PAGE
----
Poker Masters 2019: Chance Kornuth loses HU to online poker legend
The NLH tournament with a buy-in of $10 000 has ended at the Poker Masters. The event winner became the gold bracelet owner Isaac Baron.
Thss poker player is known to poker community for his achievements in online – he was the first winner of the Player of the Year award in online poker from Card Player in 2007. At that time, his winnings on the Internet exceeded the mark of $1 000 000. The victory in the Sunday Million was on his record as well. Online regulars are well familiar with his nicknames: "westmenloAA" at PokerStars and "Isaac Baron" at Full Tilt Poker.
Despite the fact that in the last couple of years Baron hasn’t been seen at the poker tables as often as before, he still considers himself a poker player. Isaac is working on some real estate-related business projects, but the player always finds some time to play, showing impressive results. Thus, Isaac won his first gold bracelet at the WSOP 2019, and later, the guy managed to get a trophy in the very first tournament at the Poker Masters. This victory brought Baron $223 000 in prize money.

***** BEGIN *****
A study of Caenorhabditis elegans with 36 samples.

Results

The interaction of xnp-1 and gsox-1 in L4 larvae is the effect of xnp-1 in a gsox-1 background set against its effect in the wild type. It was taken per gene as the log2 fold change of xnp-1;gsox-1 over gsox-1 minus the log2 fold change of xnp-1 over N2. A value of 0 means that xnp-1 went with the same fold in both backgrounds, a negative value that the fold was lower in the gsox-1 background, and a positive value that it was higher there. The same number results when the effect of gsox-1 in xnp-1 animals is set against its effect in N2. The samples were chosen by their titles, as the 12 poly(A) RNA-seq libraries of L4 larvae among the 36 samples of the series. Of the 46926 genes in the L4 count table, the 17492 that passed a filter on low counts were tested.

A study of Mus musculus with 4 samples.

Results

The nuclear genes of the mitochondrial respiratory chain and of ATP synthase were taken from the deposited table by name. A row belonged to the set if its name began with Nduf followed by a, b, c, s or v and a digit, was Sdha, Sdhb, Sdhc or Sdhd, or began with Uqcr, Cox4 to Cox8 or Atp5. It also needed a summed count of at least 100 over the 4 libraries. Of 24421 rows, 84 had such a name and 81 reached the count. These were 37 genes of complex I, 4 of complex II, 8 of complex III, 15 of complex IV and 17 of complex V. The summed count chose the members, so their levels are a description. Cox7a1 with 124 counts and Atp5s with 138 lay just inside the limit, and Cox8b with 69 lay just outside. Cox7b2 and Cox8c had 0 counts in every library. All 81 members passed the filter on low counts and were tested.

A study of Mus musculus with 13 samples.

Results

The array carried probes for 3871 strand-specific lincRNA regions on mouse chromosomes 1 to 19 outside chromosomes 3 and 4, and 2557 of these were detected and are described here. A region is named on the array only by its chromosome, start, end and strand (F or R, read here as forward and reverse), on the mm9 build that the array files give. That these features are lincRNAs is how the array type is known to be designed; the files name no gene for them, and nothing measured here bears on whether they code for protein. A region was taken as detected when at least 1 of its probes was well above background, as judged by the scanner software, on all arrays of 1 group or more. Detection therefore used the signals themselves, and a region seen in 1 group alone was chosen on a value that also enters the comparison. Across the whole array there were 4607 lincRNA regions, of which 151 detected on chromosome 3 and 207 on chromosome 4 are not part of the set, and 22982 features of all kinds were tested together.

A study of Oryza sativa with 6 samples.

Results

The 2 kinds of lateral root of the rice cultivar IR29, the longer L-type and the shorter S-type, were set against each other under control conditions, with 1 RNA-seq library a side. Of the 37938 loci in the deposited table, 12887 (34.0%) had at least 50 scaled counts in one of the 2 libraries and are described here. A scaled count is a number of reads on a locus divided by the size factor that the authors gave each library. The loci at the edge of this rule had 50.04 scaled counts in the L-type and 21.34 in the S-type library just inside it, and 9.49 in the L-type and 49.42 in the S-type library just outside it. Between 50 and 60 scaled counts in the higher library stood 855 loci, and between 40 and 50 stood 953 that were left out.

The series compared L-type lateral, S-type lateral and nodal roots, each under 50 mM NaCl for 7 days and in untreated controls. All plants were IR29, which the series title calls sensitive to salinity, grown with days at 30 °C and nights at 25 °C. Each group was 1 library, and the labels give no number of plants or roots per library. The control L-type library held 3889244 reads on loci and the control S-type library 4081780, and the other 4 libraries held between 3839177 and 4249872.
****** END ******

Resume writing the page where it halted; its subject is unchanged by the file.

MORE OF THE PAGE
«There were obviously some small dips along the way, but in general it was a straight-up trajectory and a really smooth tournament for me. It’s been amazing playing at the PokerGO Studio. This is the nicest place I’ve ever played poker. The whole setup, the dealers, the free food, it’s tough to beat. It’s great», said Baron.
In heads-up, Isaac met with Chance Kornuth, another poker professional who holds two gold bracelets. For the second place, Chance received $165 000 in prize money.
American poker player Ralph Wong closed the top 3 leaders, having earned $116 000. Several other well-known poker players reached the ITM zone of the tournament. The fourth place went to Jeremy Ausmus ($97 000), who has a WSOP Europe bracelet on his record. American Sam Soverel took the 5th place and won $78 000. Scott Blumstein, the WSOP Main Event 2017 champion, got $58 000 in prize money for finishing sixth. Businessman and fan of expensive games, Dan Shak, took the 7th place ($49 000).